BBC reports that the Trump administration has issued a permit to energy company TransCanada to build the Keystone XL pipeline.
The State Department said it had found the project, which was blocked by former US President Barack Obama, to be in the US national interest.
The 1,180mile (1,900km) pipeline will carry tar sands oil from Canada to refineries on the Texas coast.
President Trump, who in January signed an executive order backing the project, is due to make an announcement.
Secretary of State Rex Tillerson recused himself from the matter because of his previous role as chief executive of ExxonMobil.
The permit was signed by an undersecretary of state for political affairs, career diplomat Tom Shannon.
TransCanada still needs approval of the $8bn (£6.4bn) pipeline’s route through the US state of Nebraska.
An evaluation by the US state department was required, because the pipeline crosses an international border.
In denying the project in 2015, former Secretary of State John Kerry wrote that it would neither spur economic growth, nor help the US achieve energy independence.
He said it would threaten environmental damage by allowing “a particularly dirty source of fuel” to enter the US.
TransCanada, a Calgary-based company, called Friday’s decision “a significant milestone”.
Chief executive Russ Girling said: “We greatly appreciate President Trump’s Administration for reviewing and approving this important initiative and we look forward to working with them as we continue to invest in and strengthen North America’s energy infrastructure.”
They say the pipeline will create 13,000 jobs over two years, but opponents argue the vast majority of these jobs will be short-term work in the construction phase.
During the presidential election, Mr Trump embraced the idea that the pipeline would create American jobs.
He also signed a memorandum requiring Keystone to be built using American steel.
However, the White House later said this requirement would only apply to future applications, not projects already being built, such as Keystone.
A mandate to use US steel would not only be more expensive for TransCanada, but could lead to US authorities being sued by the World Trade Organization.
White House spokeswoman Sarah Sanders said earlier this month: “Since this one is already currently under construction, the steel is already literally sitting there, it would be hard to go back.” Go to BBC to read more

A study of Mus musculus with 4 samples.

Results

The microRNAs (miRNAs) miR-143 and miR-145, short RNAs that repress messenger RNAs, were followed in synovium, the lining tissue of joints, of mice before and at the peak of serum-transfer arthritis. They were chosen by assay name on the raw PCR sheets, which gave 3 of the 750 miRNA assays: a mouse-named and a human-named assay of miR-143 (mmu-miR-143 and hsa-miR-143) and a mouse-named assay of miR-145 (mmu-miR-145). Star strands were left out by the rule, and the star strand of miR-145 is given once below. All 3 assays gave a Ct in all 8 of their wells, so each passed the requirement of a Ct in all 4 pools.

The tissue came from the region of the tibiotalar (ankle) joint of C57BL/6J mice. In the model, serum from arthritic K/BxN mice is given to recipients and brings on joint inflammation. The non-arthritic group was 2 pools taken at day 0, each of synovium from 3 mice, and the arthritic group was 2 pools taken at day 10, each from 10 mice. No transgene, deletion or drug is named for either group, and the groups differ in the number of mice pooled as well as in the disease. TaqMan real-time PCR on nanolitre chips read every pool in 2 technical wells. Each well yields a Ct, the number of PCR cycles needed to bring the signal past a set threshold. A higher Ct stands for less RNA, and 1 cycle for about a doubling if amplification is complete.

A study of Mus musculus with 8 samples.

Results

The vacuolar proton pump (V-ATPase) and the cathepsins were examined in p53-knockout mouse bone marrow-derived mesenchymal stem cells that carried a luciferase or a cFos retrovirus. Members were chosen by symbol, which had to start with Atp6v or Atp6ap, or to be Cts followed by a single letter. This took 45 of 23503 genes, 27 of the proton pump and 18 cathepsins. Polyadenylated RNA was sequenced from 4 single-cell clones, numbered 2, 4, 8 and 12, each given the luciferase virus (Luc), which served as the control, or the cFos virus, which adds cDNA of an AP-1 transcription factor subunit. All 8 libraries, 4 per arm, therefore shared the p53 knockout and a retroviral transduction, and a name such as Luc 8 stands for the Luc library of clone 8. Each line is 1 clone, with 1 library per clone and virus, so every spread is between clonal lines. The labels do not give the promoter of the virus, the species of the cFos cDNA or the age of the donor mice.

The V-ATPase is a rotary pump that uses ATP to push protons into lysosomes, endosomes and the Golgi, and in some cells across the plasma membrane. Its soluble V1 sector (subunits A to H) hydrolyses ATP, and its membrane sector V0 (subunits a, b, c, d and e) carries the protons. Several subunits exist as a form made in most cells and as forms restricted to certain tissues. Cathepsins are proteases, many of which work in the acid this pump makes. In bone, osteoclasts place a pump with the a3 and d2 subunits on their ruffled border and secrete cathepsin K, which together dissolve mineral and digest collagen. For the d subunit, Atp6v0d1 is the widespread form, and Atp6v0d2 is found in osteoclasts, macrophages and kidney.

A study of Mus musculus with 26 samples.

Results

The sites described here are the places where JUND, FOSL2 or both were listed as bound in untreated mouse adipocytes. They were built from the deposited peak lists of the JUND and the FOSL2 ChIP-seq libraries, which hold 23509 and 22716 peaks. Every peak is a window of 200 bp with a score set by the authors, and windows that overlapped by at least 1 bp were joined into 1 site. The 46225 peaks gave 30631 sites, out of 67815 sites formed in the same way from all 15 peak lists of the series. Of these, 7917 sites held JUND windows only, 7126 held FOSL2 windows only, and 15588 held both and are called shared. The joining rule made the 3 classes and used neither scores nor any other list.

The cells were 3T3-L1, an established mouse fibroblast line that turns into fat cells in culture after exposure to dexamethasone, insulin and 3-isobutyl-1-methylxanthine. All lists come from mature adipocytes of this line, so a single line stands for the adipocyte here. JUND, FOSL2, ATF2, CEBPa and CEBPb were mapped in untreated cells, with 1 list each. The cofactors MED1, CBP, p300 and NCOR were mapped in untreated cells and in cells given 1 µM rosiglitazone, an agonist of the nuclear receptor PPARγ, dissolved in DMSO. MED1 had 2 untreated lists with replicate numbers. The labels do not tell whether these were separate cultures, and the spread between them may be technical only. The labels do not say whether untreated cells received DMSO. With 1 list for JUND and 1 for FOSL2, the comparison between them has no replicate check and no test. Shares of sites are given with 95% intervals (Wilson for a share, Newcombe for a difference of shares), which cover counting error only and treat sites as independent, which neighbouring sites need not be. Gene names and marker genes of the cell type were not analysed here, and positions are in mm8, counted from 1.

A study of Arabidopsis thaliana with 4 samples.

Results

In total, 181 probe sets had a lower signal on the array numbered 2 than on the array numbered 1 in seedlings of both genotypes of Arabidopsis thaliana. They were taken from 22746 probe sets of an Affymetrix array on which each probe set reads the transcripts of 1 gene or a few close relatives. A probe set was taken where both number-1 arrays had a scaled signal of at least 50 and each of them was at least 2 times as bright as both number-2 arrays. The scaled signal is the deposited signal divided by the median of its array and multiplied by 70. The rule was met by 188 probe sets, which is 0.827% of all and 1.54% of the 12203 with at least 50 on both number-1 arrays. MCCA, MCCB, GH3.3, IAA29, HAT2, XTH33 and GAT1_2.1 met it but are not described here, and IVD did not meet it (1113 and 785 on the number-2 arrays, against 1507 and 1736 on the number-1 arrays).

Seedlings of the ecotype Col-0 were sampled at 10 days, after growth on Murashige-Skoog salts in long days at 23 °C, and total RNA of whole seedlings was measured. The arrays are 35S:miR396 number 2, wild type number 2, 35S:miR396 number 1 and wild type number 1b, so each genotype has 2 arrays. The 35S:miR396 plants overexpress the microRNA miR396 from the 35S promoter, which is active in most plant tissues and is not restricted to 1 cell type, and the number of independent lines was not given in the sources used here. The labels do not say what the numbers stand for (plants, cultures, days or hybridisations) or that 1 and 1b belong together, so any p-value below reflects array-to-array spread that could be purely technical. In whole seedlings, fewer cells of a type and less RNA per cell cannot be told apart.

I cannot question the validity of this project from commercial (stand alone) & political points of views but the validity of the project in terms of timing is a bit off. It is not clear when we will be able to see the end of low oil prices due to endless oversupply.
It is not clear when we will be able to see the end of low oil prices due to endless oversupply. The potential for the increase of political tensions globally, trade wars and shrinking market share that would significantly limit business opportunities for international corporations, leave little doubt that it will affect the demand.
With immaterial or stagnant demand, sustained low oil price environment, less generated cash and unsustainable corporate debt (due to rates hikes), a number of oil companies may be out of business. Growing unemployment would suppress demand even further which may trigger a domino effect. It may eventually cause a banking crisis as banks will have to write off the huge amount as bad debt.
We shall not forget that renewables become a serious competitor.It is forecasted that by 2016, renewables would represent approximately more that 50%.
If the above take place, I wonder, what the return on investment is going to be? Or should I say, how negative it is going to be? Because empty pipe does not generate money. Unless, of course, someone would declare bankruptcy to ensure that at least something is returned.